I had the honor of speaking at the NAPP Annual Meeting recently.
My presentation focused on foreign filing best practices and ways to ensure that your US approach would not undermine your global patent opportunities. One attendee asked a question which I feel would be of interest to our blog subscribers.
A portion of my presentation discussed the strategy of introducing multiple dependent claims at the PCT national stage as a way of reducing excess claim fees in foreign countries. As you may know, in all countries except the US, multiple dependent claims are counted as only a single claim, and it’s possible to have nested multiple dependencies. Therefore, claims in multiple dependent form can sometimes be a useful tool in reducing claim fees while maintaining the scope of the claims.
The question that arose was why an applicant would choose to enter claims in multiple dependent form at the 30 or 31 month date rather than including them in the initial priority or PCT application.
In our experience, a decent proportion of US attorneys don’t even think about multiple dependent claims when drafting the initial application. Often, the client is not sure whether they want to enter the international arena anyway, so their attorneys tend to tailor the application with US filing and prosecution in mind.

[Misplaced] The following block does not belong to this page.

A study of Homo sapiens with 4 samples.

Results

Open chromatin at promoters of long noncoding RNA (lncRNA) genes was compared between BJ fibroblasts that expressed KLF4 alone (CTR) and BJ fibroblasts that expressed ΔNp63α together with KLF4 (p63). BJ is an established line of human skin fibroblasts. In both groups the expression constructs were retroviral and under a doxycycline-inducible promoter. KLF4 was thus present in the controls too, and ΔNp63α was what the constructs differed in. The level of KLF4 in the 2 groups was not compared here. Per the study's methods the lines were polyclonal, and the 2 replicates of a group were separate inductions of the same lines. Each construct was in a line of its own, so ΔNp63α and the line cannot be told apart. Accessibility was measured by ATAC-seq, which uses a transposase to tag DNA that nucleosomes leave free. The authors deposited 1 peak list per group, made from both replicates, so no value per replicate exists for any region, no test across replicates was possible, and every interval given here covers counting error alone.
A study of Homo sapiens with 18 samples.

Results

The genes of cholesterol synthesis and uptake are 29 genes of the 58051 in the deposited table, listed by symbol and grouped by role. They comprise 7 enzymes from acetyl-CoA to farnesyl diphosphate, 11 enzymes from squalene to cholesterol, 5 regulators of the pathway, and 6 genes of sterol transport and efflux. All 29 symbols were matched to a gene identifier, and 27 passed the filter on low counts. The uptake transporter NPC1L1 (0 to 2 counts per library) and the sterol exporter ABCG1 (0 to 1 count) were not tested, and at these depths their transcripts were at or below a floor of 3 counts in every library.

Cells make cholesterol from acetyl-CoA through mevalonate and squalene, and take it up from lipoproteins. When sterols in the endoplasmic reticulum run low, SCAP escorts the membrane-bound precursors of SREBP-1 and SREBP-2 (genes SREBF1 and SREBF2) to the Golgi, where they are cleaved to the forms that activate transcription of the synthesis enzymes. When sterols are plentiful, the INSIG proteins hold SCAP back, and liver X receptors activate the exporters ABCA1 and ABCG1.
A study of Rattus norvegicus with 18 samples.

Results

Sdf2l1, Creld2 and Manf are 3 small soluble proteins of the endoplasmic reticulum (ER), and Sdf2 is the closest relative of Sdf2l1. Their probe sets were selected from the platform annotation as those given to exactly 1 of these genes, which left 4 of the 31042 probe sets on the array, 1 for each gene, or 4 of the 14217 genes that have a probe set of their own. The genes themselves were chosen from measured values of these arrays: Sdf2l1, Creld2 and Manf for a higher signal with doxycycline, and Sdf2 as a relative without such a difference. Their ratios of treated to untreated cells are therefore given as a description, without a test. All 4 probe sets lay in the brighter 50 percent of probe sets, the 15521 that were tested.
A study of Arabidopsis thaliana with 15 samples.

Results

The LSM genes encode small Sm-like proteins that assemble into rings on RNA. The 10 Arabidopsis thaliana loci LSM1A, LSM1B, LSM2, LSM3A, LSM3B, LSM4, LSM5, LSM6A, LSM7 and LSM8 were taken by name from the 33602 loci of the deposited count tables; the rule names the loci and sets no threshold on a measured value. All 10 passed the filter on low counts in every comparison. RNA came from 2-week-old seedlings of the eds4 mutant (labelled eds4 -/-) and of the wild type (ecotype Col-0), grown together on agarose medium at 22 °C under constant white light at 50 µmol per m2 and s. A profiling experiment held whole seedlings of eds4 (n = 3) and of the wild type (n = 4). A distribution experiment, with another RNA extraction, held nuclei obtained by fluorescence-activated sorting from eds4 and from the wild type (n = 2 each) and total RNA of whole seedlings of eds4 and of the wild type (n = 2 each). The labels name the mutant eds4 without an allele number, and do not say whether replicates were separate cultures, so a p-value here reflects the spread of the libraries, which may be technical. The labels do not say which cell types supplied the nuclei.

Accordingly, I focused my presentation on the idea of amending claims to include multiple dependencies at national phase entry outside the US.
However, it’s definitely worth considering whether including multiple dependencies when initially filing the PCT application might reduce your client’s costs in the long run. If it’s likely the application will enter the national phase in several countries, it’s easier to start with multiple dependencies because you don’t need to then introduce them to each and every country (often at additional cost) during national phase entry or prosecution.
Even if you need to enter the national phase in the US, the cost of amending once to go back to single dependency form at US national phase entry is most likely outweighed by the savings in time and foreign attorneys’ fees in other countries that can use the multiple dependencies as filed with the PCT.
Of course, before you start taking this approach, you must be sure you understand how multiple dependencies work, including their advantages and disadvantages. In practical terms, sometimes it’s easier to start with a single dependency approach then add in multiple dependencies after the claims are drafted, but sometimes it works better the other way.
However, sensibly used in the right circumstances, multiple dependencies are a great way of increasing the scope-to-cost ratio.